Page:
Thousands turn out for Komen Maryland Race for the Cure

The sun had barely risen Sunday morning as Geneva Frazier shimmied in a conga line, her pink feather boa flouncing while "I Will Survive" blared over the loudspeakers at Komen Maryland's Race for the Cure.

This is the fourth year her family has run the Hunt Valley race, and it has been two years since her cousin, Patricia Gross, died of breast cancer.

"It's hard," Frazier said. "But it's a celebration. Everybody's here for the same reason."

However, the turnout Sunday was not as big as in previous years. Numbers have been depressed in Maryland and at Komen events across the country following a controversy over the national Susan G. Komen Foundation's decision to cut funds to Planned Parenthood.

On Sunday, registration numbers were down by 29 percent for the 20th annual 5K race that benefits Komen's Maryland affiliate. Donations were down 35.5 percent, organizers said.

Komen Maryland, which never funded Planned Parenthood, has blamed the weak economy and competition from other October events for the decline in donations. Yet the legacy of the national organization's decision — subsequently reversed — to stop funding Planned Parenthood left an imprint on the otherwise joyous celebration of survival and hope in Hunt Valley.

Protesters carrying "Defund Planned Parenthood" signs and 4-foot-tall photos of aborted fetuses stood along the race route, as did supporters of the reproductive health care organization, which provides contraceptives, mammograms and abortions. A few participants got into shouting matches with the protesters.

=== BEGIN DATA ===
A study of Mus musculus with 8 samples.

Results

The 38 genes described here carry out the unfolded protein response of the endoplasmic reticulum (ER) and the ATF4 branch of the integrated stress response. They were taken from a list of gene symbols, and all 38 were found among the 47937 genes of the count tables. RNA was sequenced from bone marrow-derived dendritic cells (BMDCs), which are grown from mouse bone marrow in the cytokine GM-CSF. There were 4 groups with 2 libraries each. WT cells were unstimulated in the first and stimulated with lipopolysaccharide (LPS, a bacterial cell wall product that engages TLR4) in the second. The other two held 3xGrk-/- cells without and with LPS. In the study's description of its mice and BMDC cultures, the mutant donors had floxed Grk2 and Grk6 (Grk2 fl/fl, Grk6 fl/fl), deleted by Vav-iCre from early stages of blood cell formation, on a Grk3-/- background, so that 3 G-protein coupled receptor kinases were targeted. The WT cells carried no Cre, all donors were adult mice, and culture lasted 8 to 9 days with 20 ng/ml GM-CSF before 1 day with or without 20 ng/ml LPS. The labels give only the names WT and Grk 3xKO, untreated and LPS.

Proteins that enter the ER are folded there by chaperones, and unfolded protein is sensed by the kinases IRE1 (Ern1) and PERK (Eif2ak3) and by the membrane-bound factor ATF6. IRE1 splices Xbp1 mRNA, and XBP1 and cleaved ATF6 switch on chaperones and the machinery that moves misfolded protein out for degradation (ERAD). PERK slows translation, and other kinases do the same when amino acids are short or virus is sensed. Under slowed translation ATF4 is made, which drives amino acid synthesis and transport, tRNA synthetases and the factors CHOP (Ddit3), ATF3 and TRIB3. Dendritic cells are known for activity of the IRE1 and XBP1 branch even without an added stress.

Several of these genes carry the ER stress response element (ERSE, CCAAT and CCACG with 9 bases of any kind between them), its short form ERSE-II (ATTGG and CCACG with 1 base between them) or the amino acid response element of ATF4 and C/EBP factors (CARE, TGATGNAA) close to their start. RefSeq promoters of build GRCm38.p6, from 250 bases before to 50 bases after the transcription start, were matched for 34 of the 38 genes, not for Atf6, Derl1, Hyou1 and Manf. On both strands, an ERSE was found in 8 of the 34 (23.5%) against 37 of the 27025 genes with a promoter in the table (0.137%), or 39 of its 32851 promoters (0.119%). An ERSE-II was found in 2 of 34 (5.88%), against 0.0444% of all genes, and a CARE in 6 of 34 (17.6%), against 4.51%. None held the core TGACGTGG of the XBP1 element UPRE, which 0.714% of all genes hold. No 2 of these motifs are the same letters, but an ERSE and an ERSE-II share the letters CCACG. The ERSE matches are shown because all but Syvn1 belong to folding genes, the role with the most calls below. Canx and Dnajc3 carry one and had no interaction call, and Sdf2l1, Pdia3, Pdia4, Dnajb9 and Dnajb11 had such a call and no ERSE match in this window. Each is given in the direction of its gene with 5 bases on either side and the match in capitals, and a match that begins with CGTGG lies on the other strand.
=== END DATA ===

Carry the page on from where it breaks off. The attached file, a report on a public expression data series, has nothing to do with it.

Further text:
Controversy aside and despite their diminished ranks, about 30,000 breast cancer survivors and supporters rose before dawn to attend the event, raise money and remember women like Patricia Gross. Her sister, Tracy Smith, couldn't speak about her without tears spilling down her cheeks.

"As long as there's cancer, we need research to end it," Smith said. "It could be any one of us."

The throngs of survivors, their friends and family members donned everything from pink bodysuits to pink false eyelashes to pink sunglasses with attached mustaches. Amid the balloons, boas and streamers were posters and pleas to remember Grandma or Mom — or any of thousands of women who have died of breast cancer. The disease represents a third of all cancers diagnosed in women, according to the American Cancer Society.

According to the federal Centers for Disease Control and Prevention, more than 210,000 women were diagnosed with breast cancer in the United States in 2008, the most recent year for which figures are available. The same year, nearly 41,000 women died of the disease in the U.S., according to the CDC.

Organizers said they had registered roughly 23,000 race participants, down from 31,517 last year, and raised a total of $1,440,386. Last year, Komen of Maryland brought in $3.1 million and distributed $2.2 million across the state to 26 programs.

One of those programs benefited Rosalind Draft, 52.

As she was struggling to recover from her cancer treatments, a Komen program paid for a YMCA membership and a personal trainer.

On Sunday, Draft said being surrounded by survivors was exactly what she needed.

"To me, to survive cancer is to get involved, get yourself a support team," she said. "If you're alone, it will pull you down. ... Even though you might lose someone on the journey, there's still so many people out there fighting."